Jon Shafer has changed the way diplomacy works in his indie strategy game At the Gates. As outlined in his design a year ago, diplomacy was going to be very similar to the way other 4X games handle the feature. A player would bump into an AI leader, get a general rundown of that leader’s personality traits, he or she would make a request like send gold or food, and things would progress from there. It’s a solid if unexciting formula. Shafer revealed in his latest update that he’s thrown out that whole system and has rewritten diplomacy to emphasize the personalities of the people involved. Leaders will deliver appropriate demands or requests based on their leanings and situation. The before and after images of the diplomacy screen are instructive.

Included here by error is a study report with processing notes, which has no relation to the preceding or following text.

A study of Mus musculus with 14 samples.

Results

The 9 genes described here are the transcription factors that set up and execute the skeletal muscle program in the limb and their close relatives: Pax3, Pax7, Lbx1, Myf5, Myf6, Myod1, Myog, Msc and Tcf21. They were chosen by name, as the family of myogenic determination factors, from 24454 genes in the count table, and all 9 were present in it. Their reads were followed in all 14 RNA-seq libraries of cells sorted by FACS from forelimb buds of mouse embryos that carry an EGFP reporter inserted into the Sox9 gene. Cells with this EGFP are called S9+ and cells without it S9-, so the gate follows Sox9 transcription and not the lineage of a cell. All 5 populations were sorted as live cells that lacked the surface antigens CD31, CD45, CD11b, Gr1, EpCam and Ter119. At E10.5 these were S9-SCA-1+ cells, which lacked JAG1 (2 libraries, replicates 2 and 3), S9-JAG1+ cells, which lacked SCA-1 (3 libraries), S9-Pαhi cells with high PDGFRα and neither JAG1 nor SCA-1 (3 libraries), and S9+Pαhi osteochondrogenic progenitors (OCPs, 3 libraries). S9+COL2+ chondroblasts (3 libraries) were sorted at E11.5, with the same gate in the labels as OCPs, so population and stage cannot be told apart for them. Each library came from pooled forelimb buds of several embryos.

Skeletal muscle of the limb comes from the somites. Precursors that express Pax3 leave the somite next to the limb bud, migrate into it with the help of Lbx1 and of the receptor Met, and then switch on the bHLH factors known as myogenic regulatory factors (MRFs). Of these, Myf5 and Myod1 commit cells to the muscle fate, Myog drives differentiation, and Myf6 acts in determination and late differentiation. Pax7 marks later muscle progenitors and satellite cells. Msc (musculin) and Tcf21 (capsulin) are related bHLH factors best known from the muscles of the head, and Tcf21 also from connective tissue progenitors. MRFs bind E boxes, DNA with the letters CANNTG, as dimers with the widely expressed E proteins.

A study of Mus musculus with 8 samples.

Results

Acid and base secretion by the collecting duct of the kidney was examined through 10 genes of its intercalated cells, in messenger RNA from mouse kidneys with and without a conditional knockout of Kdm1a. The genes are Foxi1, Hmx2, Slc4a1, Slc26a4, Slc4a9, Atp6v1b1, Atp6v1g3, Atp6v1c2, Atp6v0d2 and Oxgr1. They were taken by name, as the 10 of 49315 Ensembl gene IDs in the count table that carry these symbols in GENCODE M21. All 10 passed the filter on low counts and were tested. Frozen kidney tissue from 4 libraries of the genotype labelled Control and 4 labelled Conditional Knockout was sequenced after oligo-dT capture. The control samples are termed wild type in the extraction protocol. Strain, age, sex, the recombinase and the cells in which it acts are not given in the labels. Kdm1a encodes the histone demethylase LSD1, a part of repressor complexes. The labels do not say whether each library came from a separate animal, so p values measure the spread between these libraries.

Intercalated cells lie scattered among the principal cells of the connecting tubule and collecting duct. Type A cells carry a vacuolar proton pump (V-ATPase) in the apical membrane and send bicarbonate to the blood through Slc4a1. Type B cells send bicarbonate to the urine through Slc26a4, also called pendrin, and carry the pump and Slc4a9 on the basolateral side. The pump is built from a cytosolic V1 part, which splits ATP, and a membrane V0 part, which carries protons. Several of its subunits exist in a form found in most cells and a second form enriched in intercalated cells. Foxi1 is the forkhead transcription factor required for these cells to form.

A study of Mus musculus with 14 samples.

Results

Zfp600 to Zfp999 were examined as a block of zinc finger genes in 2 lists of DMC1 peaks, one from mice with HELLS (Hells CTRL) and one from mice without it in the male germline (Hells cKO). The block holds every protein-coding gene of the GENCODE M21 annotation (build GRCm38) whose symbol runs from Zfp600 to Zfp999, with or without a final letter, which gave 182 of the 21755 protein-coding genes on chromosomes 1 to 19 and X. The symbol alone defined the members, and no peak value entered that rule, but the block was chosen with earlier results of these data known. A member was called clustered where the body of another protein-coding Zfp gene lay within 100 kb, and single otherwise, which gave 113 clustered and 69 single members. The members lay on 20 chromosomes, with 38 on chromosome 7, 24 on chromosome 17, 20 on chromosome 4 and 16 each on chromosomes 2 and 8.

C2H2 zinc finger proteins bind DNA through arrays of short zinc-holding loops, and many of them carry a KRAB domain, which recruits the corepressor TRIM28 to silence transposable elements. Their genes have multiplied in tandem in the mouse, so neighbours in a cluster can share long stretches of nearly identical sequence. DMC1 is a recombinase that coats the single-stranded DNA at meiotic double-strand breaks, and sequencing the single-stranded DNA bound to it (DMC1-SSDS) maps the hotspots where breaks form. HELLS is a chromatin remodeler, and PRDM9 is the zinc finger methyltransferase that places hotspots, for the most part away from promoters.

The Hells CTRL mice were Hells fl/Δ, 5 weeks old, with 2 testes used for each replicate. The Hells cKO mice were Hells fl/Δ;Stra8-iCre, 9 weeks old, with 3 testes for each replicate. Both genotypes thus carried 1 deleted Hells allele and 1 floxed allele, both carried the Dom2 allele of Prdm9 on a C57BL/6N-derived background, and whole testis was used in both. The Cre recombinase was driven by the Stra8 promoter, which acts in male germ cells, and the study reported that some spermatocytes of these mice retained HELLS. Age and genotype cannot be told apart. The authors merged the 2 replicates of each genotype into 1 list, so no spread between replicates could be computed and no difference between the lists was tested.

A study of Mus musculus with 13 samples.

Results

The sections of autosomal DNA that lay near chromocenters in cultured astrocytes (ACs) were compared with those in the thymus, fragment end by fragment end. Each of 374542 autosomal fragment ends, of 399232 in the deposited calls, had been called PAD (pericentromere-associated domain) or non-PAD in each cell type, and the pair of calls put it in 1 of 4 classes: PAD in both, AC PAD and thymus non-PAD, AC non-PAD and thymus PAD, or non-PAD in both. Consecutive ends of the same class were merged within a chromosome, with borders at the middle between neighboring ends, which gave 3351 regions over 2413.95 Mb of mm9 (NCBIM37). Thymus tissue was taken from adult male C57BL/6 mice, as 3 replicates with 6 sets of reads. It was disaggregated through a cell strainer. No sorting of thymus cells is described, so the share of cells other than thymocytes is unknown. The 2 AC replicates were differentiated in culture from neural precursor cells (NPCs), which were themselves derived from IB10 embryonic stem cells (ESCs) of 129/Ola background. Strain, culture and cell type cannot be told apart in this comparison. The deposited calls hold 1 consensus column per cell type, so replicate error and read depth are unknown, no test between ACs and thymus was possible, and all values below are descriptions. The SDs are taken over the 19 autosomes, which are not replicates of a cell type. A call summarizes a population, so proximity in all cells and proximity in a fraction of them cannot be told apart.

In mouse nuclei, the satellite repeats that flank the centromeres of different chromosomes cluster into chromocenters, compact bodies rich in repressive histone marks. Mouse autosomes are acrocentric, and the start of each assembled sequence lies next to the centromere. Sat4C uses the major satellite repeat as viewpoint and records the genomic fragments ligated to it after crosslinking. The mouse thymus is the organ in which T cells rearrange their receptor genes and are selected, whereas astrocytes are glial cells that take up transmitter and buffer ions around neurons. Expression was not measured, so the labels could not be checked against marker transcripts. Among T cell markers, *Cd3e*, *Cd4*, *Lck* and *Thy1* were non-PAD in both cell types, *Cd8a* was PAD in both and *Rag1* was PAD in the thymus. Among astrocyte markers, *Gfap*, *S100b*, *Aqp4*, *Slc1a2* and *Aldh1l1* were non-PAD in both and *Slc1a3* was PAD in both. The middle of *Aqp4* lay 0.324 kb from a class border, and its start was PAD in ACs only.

Personality. Everything comes down to personality. I kept reminding myself throughout this process, and continue to do so. To bring this out I would have the AI leaders ask you questions relevant to their unique situation and philosophical leanings.
There should be no mystery as to whether or not Genseric and Attila like each other. They should often make comments about one another and trade barbs through the diplomatic channels.
To keep things interesting for each new game, AI leaders will no longer share personality traits. Instead, Shafer wants to draw from a pool of traits appropriate for each leader, and no doubling up will be allowed between them. No more cookie-cutter diplomats!
Along with the focus on individual quirks, Shafer has introduced a global “respect” metric to quantify the player’s diplomatic weight. Gain enough respect, and the player unlocks better diplomatic options with all leaders. Lose respect, and the AI leaders will be less inclined to do your bidding. I guess I’ll be naming all of my rulers Rodney Dangerfield.
At the Gates is currently in development and is projected to launch in 2015, but an early access package is available now.